LA Times Book Festival

We spent the day at the LA Times Festival of Books at UCLA. I’d never been to UCLA before – it’s a nice campus. Ample parking meant no hassles getting in or out despite the huge numbers of people there.

I attended a morning panel session entitled “New Media: Blogging and Beyond”. The panelists were RJ Smith, senior editor of Los Angeles magazine; Kevin Roderick, sometime journalist and editor of the LA Times, and editor of LA Observed; Hugh Hewitt, author/radio host/blogger/law prof; and Jill Leovy, LA Times journalist and writer of The Homicide Report.

It was an interesting discussion, mostly about journalism and how it is adapting from print to digital format, and how the LA Times in particular is trying to cope with shrinking print readership and the rise of bloggery, with the constraint that most people still don’t get their news online, and the ones that do are still likely to read print media as well. There were interesting points made about the digital divide (particularly by Jill who is seeing a markedly different readership online from the one she used to have in print, regarding her coverage of homicide in LA which touches many of the poorer black and latino areas of South Central). In an age when it seems like all kids have iPods and Myspace pages, it is worth noting that there are still poor families who can’t afford the current technological trends, cheap as they seem.

I also found food for thought in Kevin’s comment about the immediacy of the digital media vs print: blogs seem to be on the pulse of the moment, and blog stories are posted early, with the expectation that they will be revised and updated later. The important thing online is to report what you have now, raw as it is. Contrast this with the print media, which is more likely to take the time to fully research a story and make sure everything is considered and correct, before weighing in once. And yet, said Kevin, until relatively recently, print media was also about the immediate. It was common for city newspapers to print 4 or 5 times a day, updating stories as the day wore on. Even now, this still happens on a more-than-daily frequency in some cities. So perhaps journalism was always this way, and the corporate economic influence that forces consolidation is the anomaly.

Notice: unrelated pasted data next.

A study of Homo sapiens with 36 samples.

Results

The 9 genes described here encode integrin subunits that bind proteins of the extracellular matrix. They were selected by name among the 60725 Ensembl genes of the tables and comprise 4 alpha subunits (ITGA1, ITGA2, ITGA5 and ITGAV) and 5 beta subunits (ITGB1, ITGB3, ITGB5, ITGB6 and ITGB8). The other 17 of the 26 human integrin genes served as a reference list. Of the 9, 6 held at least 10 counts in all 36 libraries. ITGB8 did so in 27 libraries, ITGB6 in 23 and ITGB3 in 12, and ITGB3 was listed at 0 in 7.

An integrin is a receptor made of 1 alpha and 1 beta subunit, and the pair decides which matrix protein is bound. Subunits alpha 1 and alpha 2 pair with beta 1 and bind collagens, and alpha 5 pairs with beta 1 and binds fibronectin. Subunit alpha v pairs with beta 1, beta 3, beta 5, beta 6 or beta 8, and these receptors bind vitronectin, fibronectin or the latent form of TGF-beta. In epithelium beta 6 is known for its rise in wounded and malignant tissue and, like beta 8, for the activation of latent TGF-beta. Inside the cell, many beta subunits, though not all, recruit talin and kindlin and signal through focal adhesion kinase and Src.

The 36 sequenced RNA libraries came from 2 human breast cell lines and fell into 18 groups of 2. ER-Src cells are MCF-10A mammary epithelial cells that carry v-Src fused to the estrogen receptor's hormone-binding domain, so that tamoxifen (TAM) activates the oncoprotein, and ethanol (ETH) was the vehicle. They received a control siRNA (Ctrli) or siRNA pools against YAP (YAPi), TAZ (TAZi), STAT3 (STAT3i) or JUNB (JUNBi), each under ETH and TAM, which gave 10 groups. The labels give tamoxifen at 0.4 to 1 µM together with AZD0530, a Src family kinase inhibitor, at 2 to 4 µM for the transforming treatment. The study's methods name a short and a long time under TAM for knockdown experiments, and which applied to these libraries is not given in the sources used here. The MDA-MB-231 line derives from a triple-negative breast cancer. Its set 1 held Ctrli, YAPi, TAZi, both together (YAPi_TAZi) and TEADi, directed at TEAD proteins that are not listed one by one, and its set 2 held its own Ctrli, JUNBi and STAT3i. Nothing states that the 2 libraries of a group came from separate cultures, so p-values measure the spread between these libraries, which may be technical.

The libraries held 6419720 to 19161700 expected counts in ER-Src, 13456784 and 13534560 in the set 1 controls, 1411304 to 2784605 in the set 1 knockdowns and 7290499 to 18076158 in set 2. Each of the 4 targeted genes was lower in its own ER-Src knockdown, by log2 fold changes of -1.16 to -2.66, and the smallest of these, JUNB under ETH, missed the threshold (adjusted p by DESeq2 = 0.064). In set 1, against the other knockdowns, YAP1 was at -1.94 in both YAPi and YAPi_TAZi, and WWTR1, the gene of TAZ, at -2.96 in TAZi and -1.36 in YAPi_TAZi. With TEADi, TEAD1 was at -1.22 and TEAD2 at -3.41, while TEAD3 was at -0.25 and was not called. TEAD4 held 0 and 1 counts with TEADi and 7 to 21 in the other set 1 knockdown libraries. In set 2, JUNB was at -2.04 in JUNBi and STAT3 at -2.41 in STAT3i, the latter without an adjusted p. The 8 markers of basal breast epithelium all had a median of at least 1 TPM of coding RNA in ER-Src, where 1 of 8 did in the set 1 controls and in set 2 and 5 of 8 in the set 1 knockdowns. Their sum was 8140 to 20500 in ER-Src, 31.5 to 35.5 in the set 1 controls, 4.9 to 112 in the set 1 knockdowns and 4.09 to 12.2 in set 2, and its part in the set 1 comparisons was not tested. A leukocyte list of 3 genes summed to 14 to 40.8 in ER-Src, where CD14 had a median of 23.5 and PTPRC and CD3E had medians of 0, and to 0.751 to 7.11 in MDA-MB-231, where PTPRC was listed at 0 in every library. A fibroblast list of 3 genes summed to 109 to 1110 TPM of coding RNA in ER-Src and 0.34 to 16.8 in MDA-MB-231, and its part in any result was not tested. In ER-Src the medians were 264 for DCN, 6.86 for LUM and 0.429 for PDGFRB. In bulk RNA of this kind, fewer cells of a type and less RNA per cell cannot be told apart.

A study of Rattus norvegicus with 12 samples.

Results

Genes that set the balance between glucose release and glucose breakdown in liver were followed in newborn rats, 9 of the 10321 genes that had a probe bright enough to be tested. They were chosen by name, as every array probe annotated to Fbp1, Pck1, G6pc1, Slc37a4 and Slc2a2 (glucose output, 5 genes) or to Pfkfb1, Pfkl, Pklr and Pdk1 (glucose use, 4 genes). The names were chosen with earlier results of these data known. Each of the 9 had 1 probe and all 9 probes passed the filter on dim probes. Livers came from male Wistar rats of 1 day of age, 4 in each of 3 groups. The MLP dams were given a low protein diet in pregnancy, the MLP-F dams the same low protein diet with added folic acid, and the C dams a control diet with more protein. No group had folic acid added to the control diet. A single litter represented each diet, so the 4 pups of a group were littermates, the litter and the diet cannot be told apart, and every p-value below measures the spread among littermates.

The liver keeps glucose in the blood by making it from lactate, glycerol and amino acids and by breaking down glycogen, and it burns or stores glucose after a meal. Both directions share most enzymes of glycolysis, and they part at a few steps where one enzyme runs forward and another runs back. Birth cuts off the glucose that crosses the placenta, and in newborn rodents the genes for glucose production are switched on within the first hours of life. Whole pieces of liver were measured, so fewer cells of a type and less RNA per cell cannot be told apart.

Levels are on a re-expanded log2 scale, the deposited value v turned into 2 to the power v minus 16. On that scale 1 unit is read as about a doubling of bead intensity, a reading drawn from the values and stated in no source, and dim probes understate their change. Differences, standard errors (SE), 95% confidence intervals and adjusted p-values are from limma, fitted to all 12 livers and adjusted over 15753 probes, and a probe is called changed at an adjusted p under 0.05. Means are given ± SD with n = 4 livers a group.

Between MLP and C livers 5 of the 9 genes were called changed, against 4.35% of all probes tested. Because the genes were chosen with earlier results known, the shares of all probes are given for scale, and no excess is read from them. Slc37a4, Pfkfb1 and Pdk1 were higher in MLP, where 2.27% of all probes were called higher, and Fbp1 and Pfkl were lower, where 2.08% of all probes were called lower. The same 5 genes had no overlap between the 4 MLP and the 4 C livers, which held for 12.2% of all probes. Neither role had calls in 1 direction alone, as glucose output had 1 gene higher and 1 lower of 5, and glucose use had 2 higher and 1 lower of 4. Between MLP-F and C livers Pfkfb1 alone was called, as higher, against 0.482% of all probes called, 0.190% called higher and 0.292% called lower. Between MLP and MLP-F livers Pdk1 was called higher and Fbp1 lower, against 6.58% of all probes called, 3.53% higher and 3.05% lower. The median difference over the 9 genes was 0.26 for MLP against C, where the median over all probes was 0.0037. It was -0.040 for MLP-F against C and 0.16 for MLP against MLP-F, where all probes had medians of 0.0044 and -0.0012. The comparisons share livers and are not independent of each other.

Another interesting point made was that as modern-romantic as the idea of the “lone wolf” blogger is, there are some kinds of reporting which will always be more suited to the traditional. Investigative reporting in particular requires money, leverage, and legal cover which are difficult for the individual to bring to bear.

The discussion ended at 11.30 and I headed out to find Mrs. and mini-Elbeno, who were over at the Children’s stage enjoying a concert by Justin Roberts and the Not Ready for Naptime Players – one of whom was wearing remarkably giant shoes. They had also seen Henry Winkler reading a passage from one of his children’s books. We met up with a friend of mine from work, who was also there with his wife, and ate fair-food lunch in a shady cloister outside Royce Hall while mini-Elbeno slept.

We spent some time going around the stalls: a lot of good stuff, but also a lot of new age and religious weirdity – to be expected, I suppose. Mrs. Elbeno attended a panel about writing children’s books, and mini-Elbeno and I sat on the grass in the shade of some kind of evergreen and relaxed. Mini-Elbeno amused himself by eating grass when I wasn’t looking and by playing with my hat and sunglasses, which I let him do on the understanding that he wouldn’t break them. We ambled back to the auditorium when Mrs. Elbeno’s panel was over and picked up a plushy octopus from a merchandising stall. It’s not often you see a plushy octopus for sale, after all.

On the way out, we scored some free samples from Ghirardelli chocolate, and a couple of books from the “All books $5 or less” stand. The UCLA store had 20% off all titles, but to my disappointment it turned out to have a poor selection of serious computer books.

Despite a slow-looking 405, we got home within a half hour. Mrs. Elbeno wants to go back tomorrow to hit the stuff we missed today!